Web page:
NSW trade environment
International trade has benefited New South Wales by creating jobs, boosting average income, improving living standards, and contributing to growth in regional areas.
Key trade facts
- New South Wales’ exports have grown by an average of 4 per cent every year over the past five years.
- Key drivers of export growth over the last five years were services, manufactures and fuels.
- Services exports increased by 1% to $21 billion in 2009, driven mostly by education and personal-related travel, while professional and management consulting services are now among NSW top 4 exports.
- Growth in exports to Japan - NSW’s top export destination - remains robust, while exports to India, the USA and New Zealand are also growing strongly.
- China is NSW’s biggest two-way trading partner. In 2009-10, bilateral trade with China was valued at $21.6 billion.
- New South Wales has a financially stable economy. In 2009, the Government was awarded triple-A ratings from both Moody’s and Standard & Poor’s.
NSW is particularly strong in mining, advanced manufacturing and services sectors.
Mining is one of the building blocks of the NSW economy. The industry has positive benefits for regional communities and the State as a whole. The industry employs 110,000 people and continues to grow. There are 60 operating coal mines in NSW and about 30 coal projects are in development. Together these represent over $10 billion of investment, creating more than 8,000 jobs. Coal is the single largest export earner for NSW accounting for $12.9 billion in 2008-09. Coal alone will drive the value of mineral and metal exports to record highs in excess of $25 billion. Investment in coal mines is forecast to generate an increase in supply capacity of at least 100 million tonnes a year in the next 10 years.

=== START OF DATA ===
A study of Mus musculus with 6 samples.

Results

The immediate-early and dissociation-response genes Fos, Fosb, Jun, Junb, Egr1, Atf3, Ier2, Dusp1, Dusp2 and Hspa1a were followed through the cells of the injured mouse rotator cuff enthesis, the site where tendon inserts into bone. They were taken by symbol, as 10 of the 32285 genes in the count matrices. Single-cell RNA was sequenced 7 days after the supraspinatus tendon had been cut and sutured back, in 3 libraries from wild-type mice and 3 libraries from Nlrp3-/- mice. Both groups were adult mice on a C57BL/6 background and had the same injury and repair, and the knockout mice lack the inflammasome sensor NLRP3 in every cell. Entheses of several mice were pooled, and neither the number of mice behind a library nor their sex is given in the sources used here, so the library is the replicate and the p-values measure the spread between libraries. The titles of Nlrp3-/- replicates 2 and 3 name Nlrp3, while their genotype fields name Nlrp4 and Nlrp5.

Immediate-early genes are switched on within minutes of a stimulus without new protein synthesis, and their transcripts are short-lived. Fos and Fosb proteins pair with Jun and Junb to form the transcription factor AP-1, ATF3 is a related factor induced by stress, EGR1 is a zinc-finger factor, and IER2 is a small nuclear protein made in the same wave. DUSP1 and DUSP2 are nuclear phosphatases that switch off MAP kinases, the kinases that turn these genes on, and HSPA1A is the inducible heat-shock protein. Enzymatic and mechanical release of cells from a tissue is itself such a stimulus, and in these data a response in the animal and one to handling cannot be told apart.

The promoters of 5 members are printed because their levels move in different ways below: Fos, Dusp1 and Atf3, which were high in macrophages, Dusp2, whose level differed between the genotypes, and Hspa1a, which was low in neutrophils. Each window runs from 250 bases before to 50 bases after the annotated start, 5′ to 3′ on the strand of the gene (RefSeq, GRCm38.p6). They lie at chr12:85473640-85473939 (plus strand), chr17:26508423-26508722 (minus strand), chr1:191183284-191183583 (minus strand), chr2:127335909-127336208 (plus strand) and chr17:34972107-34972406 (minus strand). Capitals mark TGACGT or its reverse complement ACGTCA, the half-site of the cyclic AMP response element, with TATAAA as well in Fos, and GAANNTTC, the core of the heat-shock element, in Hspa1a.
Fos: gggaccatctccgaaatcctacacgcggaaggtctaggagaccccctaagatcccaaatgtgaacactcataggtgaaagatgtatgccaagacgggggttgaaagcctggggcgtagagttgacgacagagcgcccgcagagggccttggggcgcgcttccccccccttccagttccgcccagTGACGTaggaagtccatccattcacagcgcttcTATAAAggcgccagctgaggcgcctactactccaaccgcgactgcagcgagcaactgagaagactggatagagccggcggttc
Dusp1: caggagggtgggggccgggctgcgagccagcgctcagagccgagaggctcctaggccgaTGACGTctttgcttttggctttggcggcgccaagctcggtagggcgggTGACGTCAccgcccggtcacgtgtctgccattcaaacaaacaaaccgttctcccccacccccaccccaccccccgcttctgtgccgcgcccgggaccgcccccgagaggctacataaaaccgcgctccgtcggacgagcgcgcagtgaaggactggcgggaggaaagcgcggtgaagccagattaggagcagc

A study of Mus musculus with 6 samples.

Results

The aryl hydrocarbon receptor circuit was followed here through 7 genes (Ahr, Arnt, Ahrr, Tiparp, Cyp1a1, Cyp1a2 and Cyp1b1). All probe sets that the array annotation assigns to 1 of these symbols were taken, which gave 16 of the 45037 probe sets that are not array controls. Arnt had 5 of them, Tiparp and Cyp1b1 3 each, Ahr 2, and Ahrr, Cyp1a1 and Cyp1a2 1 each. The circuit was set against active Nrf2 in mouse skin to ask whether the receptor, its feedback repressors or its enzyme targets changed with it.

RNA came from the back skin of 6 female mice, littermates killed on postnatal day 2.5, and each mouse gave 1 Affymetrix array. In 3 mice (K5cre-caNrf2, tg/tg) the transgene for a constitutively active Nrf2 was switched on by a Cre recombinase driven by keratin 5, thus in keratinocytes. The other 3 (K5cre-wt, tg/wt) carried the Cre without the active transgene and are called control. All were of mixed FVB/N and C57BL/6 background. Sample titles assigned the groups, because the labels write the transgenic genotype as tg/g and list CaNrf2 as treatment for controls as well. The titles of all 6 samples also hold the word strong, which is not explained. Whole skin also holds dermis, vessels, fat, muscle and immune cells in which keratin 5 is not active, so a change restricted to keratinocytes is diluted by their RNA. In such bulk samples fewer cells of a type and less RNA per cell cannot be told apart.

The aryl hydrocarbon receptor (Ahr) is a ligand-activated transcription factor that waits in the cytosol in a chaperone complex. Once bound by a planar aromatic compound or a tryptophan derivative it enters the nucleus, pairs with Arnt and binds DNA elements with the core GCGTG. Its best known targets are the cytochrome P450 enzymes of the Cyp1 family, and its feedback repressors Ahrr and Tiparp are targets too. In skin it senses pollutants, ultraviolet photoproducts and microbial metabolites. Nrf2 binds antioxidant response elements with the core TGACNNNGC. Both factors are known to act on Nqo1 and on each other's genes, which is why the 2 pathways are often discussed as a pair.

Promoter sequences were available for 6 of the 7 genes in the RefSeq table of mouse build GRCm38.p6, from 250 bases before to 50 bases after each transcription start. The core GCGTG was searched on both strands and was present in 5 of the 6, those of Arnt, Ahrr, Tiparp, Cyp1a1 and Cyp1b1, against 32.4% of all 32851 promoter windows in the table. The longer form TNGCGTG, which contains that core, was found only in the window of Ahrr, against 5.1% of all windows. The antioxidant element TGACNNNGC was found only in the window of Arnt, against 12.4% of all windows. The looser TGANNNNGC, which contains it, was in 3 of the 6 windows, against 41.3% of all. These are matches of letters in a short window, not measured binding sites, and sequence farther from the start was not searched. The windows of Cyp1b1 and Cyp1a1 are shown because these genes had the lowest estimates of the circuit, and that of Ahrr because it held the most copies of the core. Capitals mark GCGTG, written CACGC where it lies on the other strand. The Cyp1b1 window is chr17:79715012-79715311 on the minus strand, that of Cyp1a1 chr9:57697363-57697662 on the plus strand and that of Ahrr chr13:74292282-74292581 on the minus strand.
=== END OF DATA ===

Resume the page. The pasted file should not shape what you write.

NSW has the largest manufacturing sector of Australia, accounting for 32 per cent of the national industry. The State leads the exports of advanced manufactures, such as medicinal and pharmaceutical products worth $1.4 billion and professional and scientific equipment worth $907 million. The State also has strong manufacturing capabilities in renewable energy and sustainable building products.
Sydney’s role as a financial services hub in Asia continues to attract important investment. Offshore banks have opened their doors in NSW including The People’s Bank of China, China Construction Bank, Bank of Communications and Bank of Baroda. In 2008-09, 173,000 people were employed in the State’s finance and insurance services industry, representing 44 per cent of all people employed in this sector across Australia.
Education and Scientific Research
NSW’s education and research sector plays a significant role in the economy. Education was its second largest export earner in 2009, worth $6.7 billion, experiencing a five year trend growth of 16% per annum. With 11 universities and a large number of scientific centres, NSW has excellent research capacity in areas of strategic importance, such as clean energy, food production, health, environmental management, manufacturing and ICT.